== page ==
The firing over the evacuation was a warning to pilots, who were in contract talks with the airline, some Allegiant pilots say.
The firing over the evacuation was a warning to pilots, who were in contract talks with the airline, some Allegiant pilots say.
Published Jul. 20, 2016

Allegiant Air's termination of a pilot who ordered the evacuation of an aircraft last year at St. Pete-Clearwater International Airport endangers the public because other pilots might hesitate in an emergency for fear of being second-guessed.

That is according to pretrial testimony of Allegiant pilots, made public late Monday, in the lawsuit against Allegiant filed by the fired pilot, Jason Kinzer, in Nevada state court. Pilots also said they would have done the same as Kinzer if presented with the same circumstances — evacuate the airplane.

Pilot Cameron Graff testified that Kinzer's dismissal was a warning by the Las Vegas-based airline to its pilots, who were then engaged through their union in bitter contract negotiations with Allegiant.

"It's my opinion that Capt. Kinzer was terminated to quell the pilot group, to silence the pilot group, to … keep the pilots from reporting safety events, emergencies, those type of events," said Graff, a pilots' union leader.

"That type of message I would say is dangerous to the public safety because it puts pilots in a position where they don't report safety issues, they don't report mechanical issues. They may even hesitate at a time they need to evacuate … and having more on their minds that, 'Am I going to be second-guessed for getting these people off the airplane safely? And will I be terminated?' "

That had real world implications last August, according to testimony, when an Allegiant aircraft's elevator — a critical control surface on the plane's tail — jammed during a flight's take-off roll, causing the aircraft's nose to rise prematurely at a speed of more than 130 mph.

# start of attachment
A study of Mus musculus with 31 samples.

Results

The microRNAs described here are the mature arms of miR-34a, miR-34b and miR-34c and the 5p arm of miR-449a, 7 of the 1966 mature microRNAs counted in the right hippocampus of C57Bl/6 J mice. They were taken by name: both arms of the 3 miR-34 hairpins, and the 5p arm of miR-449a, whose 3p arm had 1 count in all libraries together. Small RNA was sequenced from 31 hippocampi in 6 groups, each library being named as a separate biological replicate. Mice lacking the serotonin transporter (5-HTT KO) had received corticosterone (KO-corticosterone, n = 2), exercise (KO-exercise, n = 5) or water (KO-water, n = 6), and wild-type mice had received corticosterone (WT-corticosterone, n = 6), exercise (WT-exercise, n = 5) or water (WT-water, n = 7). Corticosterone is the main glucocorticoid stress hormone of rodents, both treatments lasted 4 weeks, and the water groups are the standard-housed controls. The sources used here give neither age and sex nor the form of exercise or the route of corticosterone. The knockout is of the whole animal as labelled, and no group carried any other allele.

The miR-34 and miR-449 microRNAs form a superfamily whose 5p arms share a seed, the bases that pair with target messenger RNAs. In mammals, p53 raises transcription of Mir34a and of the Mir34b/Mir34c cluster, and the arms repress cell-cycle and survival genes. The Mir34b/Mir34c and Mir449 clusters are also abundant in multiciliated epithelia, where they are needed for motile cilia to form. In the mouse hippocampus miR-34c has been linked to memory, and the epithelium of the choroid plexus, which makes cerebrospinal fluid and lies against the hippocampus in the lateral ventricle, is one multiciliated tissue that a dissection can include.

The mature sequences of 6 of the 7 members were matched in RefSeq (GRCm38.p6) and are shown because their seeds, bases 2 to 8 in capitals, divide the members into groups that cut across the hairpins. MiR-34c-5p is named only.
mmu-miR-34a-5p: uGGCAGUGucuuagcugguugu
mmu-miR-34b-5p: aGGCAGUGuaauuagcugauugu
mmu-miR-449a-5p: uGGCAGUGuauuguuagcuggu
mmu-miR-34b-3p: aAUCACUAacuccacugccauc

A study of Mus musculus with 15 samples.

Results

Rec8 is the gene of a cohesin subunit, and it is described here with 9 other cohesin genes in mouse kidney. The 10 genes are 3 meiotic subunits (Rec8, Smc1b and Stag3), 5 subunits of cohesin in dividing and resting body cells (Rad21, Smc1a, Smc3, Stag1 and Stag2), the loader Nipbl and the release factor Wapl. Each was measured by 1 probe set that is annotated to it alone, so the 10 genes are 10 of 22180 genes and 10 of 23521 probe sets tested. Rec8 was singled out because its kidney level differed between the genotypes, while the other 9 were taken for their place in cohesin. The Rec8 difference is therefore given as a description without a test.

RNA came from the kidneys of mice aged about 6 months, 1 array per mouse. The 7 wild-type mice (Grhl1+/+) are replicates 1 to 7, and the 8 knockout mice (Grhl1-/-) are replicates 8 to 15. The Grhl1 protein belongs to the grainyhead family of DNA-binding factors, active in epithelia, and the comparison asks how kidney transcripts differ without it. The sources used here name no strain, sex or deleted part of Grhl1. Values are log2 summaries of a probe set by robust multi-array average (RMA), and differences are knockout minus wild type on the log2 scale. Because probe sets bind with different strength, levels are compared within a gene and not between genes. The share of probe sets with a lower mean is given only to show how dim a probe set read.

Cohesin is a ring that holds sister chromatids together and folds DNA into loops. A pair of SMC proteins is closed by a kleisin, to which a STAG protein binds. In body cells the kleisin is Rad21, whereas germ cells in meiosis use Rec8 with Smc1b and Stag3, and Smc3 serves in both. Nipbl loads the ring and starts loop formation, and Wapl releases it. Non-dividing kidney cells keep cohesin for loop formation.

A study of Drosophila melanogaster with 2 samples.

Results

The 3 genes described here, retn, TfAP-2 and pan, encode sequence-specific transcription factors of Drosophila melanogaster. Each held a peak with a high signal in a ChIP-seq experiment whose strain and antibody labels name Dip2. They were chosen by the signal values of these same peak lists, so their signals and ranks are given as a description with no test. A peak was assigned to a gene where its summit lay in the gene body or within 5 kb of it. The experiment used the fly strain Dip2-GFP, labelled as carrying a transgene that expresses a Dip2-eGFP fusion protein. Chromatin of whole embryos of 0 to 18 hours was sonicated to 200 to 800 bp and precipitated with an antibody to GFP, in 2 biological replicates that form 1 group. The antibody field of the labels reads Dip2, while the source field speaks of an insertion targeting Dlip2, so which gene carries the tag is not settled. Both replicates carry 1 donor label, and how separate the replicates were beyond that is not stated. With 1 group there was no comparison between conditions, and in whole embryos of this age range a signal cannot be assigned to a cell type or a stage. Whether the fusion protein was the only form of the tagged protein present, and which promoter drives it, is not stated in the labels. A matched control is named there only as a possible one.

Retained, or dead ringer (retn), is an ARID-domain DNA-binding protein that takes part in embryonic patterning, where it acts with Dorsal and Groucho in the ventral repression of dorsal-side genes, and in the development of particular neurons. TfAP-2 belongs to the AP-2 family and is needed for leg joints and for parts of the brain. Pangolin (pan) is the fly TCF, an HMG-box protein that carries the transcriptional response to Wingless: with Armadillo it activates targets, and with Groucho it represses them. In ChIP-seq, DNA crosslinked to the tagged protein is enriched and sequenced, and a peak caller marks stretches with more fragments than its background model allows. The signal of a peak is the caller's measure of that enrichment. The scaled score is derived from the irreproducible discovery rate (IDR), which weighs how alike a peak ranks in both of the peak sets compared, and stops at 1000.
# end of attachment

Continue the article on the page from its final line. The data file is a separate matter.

The pilot successfully aborted takeoff, later reporting that the aircraft probably would have crashed if it had become airborne.

Allegiant pilot Michael Bastianelli testified in the Kinzer case that he spoke to the pilot who aborted that takeoff.

"He told us his first thought (was) … 'If I initiate this abort, I'm going to get called in for another meeting,' " Bastianelli said. "And he said — he's very upset about that because he lost three to four seconds of time as that thought went through his head, and that ate up an extra thousand foot of runway or so."

Excerpts of testimony by Graff and several other Allegiant pilots are attached as exhibits in a motion filed by Kinzer's attorneys opposing Allegiant's motion to dismiss the case. No trial date is yet set in the lawsuit that argues Kinzer was unjustly fired. Allegiant says Kinzer displayed poor judgment and did not need to evacuate the plane.

Allegiant officials did not respond Tuesday to a request for comment by the Tampa Bay Times.

Kinzer, then 43, was flying Flight 864 that departed the Pinellas County airport with 141 passengers on June 8, 2015, bound for Hagerstown, Md., when flight attendants reported acrid smoke in the cabin. The pilot declared an emergency and returned to the airport.

Evacuation chutes were deployed upon landing. Eight people suffered minor injuries in the evacuation. The most serious injury was a broken wrist.

The motion said pilots were told by someone in airport fire rescue upon landing, "I'm showing smoke on the No. 1 engine."

Allegiant's operating manual for pilots mandates an evacuation even with just the "possibility of a fire," the motion said. The motion said confusion among fire rescue personnel also contributed to the decision to evacuate. An unidentified person with fire rescue told the crew not to evacuate, but then fire rescue failed to respond when Kinzer tried repeatedly to contact them, the motion said.

The pilots worried they did not respond because they were too busy fighting a fire, the motion said.

Greg Baden, a pilot who was Allegiant's vice president of operations when Kinzer was fired, acknowledged that he believed Kinzer's motivation in evacuating the aircraft was passenger safety.

Referring to the older, MD-80 Kinzer was flying, Baden said, "It's a 40-year-old airplane and the tolerances aren't as tight as they should be."

Several Allegiant pilots deposed in the case said they would have evacuated the aircraft just as Kinzer had.

"Given the same information he had at the time, I probably would have made the exact same decision," said pilot Gary Hasterok. He attended an Allegiant review board meeting investigating the emergency landing.

He said that during Allegiant's formal review of the case that its "agenda was to transfer blame from the company to the pilot, and they weren't really interested in what Capt. Kinzer had to say. It seemed they already made up their mind" to fire him.

Contact William R. Levesque at levesque@tampabay.com. Follow @Times_Levesque.